Polly, really now…..

Cameron has already appointed 117 new peers, a third of the number in all Labour\’s years. Half are former MPs or councillors, a further fifth special advisers or party staff.

Yup. Because Cameron was PM when all those Labour MPs, SpAds, Ministers and Brown\’s resignation list got their coronets.

The end of a government always produces a surge in ennoblements but they are from that previous government even if the bloke doing the actual ennobling is the new PM.

Why not abolish it? Why bother with electing a new void? Lords buffoonery has to end.

Because we most certainly don\’t want a unicameral legislature. Who knows what lunacies would be enacted without a revising chamber?

And quite seriously, a country without a written constitution really doesn\’t want to give MPs the poower to enact anything at all that crosses their pea brains.

10 thoughts on “Polly, really now…..”

  1. I’m trying to start a “House Of Lottery” meme; that is, the second chamber should be appointed on the jury system. We don’t want another chamber full of Party Favourites.

    Let’s get the politicians out of politics! Vote for the House Of Lottery!

  2. One of the things I really loathe about Blair is his constitutional vandalism. He broke a bad system and made it worse.

    The HoL was an anachronism. We all knew that. It was conservative with a small “c”, it functioned quite well in revising and slowing some idiocies under Thatcher and Major. Of course having hereditaries was bad. But Blair simply filled it with stupid Labour supporters and left the question of what should replace it to someone else. He split off the judiciary from the other two arms of the state (without any understanding of the balance of power between them) – he seemed to think that we should be going for a US style separation of powers – FFS the unwritten constitution had evolved over time to deal with the conflicts, now we find constant new conflict because the ground rules are not clear. And for what? Has any of the Blair vandalism made things better? No.

    Wonderful. Now we are going to end up with an elected HoL. The balance of power between the two houses is now going to be a source of instability for years – no, more likely decades. It’s going to increase legislative uncertainty and could well threaten the ability of the executive to respond to crises.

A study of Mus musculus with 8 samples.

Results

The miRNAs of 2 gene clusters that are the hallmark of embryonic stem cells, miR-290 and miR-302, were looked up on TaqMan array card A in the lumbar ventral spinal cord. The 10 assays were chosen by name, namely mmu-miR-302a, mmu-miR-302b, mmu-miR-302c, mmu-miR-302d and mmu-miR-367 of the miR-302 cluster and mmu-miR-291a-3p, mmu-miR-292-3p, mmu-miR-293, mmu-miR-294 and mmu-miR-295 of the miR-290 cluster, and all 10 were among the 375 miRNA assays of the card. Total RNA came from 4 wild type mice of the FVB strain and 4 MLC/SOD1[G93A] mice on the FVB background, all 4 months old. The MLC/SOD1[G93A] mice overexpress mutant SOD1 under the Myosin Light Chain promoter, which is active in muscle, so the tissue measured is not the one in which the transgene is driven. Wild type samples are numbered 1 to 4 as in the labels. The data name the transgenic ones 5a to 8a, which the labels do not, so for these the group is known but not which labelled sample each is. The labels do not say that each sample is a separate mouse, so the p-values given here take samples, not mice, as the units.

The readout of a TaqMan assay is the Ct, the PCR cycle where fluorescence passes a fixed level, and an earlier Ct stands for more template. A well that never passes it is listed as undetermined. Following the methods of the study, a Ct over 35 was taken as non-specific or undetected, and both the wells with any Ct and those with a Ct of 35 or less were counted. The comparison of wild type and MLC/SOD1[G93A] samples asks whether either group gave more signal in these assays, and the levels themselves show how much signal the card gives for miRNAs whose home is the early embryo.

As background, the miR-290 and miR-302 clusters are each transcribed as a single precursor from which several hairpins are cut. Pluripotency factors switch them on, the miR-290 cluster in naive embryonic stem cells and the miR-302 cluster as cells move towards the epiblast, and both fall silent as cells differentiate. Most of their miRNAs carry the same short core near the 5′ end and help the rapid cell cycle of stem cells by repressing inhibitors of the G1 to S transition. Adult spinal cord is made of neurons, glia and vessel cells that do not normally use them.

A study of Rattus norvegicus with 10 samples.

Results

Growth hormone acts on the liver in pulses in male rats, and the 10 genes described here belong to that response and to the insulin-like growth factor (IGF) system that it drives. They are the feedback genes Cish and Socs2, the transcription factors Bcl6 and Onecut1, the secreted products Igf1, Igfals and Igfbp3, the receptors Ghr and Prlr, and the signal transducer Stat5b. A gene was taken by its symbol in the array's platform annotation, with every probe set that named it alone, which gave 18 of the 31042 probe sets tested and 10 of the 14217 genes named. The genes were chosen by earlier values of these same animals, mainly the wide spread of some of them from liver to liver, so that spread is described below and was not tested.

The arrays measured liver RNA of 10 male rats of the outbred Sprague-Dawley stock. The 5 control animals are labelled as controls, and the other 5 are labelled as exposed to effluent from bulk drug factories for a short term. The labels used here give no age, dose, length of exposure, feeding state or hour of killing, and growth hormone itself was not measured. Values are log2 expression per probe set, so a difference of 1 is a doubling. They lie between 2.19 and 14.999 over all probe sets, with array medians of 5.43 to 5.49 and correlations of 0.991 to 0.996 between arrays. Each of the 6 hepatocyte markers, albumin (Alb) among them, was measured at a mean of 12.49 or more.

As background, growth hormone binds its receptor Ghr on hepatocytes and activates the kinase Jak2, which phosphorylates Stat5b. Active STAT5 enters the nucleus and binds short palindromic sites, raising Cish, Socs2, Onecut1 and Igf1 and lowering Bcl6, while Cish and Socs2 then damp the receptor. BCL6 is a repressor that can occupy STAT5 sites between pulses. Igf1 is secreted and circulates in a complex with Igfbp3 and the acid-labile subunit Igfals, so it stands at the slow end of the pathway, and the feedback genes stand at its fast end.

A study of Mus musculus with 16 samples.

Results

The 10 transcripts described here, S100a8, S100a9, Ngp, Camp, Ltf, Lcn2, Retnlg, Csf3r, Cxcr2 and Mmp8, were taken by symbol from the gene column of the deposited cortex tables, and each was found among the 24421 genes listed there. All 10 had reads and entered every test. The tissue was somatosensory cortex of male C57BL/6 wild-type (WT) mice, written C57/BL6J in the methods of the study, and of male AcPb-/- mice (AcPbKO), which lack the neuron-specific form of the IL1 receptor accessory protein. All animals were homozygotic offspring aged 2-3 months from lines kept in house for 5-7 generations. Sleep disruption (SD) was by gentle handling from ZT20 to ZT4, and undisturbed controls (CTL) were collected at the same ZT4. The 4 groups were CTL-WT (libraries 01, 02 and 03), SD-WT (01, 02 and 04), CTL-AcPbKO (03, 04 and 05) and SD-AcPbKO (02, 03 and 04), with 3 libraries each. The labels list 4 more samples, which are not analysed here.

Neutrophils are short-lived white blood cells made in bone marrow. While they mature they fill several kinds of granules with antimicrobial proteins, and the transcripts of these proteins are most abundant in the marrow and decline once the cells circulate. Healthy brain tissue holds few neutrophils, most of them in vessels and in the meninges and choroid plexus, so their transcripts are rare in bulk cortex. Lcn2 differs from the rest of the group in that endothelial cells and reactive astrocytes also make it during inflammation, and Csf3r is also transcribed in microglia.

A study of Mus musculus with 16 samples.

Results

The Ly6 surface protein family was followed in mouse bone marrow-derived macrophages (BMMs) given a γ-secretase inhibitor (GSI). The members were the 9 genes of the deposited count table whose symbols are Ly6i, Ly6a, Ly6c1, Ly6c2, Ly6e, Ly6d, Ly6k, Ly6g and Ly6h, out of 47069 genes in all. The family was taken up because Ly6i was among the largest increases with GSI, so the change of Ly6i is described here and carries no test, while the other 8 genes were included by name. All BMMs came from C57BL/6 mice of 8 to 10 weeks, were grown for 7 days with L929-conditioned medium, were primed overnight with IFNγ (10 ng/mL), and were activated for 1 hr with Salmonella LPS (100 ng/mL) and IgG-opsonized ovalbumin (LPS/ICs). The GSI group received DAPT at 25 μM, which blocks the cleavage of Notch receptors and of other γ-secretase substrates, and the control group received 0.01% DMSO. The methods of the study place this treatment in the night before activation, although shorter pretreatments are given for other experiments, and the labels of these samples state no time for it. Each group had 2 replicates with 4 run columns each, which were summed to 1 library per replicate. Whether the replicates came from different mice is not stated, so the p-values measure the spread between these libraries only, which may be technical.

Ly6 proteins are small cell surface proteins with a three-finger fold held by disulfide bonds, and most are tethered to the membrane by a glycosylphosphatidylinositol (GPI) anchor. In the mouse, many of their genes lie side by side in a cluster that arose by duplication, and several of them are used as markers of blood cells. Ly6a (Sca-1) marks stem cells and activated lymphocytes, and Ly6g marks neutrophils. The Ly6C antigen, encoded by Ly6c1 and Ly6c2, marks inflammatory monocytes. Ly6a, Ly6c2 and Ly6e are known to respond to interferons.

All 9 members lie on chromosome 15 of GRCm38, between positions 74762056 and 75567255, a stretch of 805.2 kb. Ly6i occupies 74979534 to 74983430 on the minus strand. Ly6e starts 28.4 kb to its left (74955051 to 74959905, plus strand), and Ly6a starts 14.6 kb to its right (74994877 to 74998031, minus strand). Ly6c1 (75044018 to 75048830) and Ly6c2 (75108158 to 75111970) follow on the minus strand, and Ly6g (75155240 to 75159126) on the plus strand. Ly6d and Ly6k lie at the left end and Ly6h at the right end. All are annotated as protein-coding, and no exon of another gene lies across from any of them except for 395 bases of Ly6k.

No matter how the law is put together when the second house is elected, it fundamentally alters the relationship between HoC & HoL, the HoL will have democratic legitimacy. The old Parliament Act will be of doubtful legitimacy.

    Tony Blair is an ignorant stupid vandal, who should be deeply ashamed of his actions.

  3. Even Polly isn’t so dim as not to know the point you’ve just made. Therefore she was being deliberately misleading, or as a schoolboy might say, lying.

  4. The said schoolboy would justify his blunt verb by allusion to “suggestio falsi”: schoolboys talk of little else.

  5. Nice one, dearieme. Polly can sue you for calling her a lier but she’ll have to admit that she’s been lying about her knowledge of the system works for years.

    That would be fun.

  6. Electing any legislature is only a half measure. Very few, if any, MPs get to master a brief in the allotted time and rely heavily on the Civil Service for guidance and implementation. The Non-elected HoL at least allowed tenure of a portfolio without constant pressure ‘to do something’. As a revising house they seemed to stop some of the drivel spewing through the portcullis from the lower House. As a semi-appointed house of former activists it is, more than ever, cleaving to party lines, with only the cross-benchers holding the ropes. Under the hereditary system the majority of peers held a semblance of responsibility in that putting the Nation first was a consideration in their deliberations. Elected members will always attach to one or another of the HoC parties as belonging will be one way of being put forward as a candidate. Independents always have a much harder time of it.
    What is needed is a pool of wealthy, educated, intelligent and cynical people like the contributors to this blog to make up the second chamber.

  7. Aust has a similar system to the US, despite being culturally based on the Westminster system – lower house elected on roughly equal sized constituencies, upper house of review with a fixed number of elected reps per state.

    And PM Paul Keating famously declared the Senate “unrepresentative swill” when they stymied his legislation.

    Warning to Polly – be careful what you wish for.

  8. And in the silly questions department

    Who wants a US system designed to gridlock government?

    Umm, me? We have exactly that and things are mostly fine.

  9. Under the likely proposition for the new HoL, there will be 90 appointed peers. But 12 of these will be C of E Bishops. It is curently 26,and will be reduced to allow for peers to represent other faiths. WTF is that all about? Do we really want maybe 20% of appointed peers to be chosen just because they believe of a sky daddy?

    It is a disgrace that churchmen have a right to participate in the 2nd chamber. The only other country which does such a thing is….Iran. NOt exactly good company.

  10. There was a Labor government in Queensland years ago that abolished their Upper House. Then in 1949 for reasons of self-interest they introduced an over-representation of rural districts: easily done with no Upper House. Finally they were careless enough to lose control of the Lower House in 1957 leading to a Country Party government until 1987. Ha bloody ha.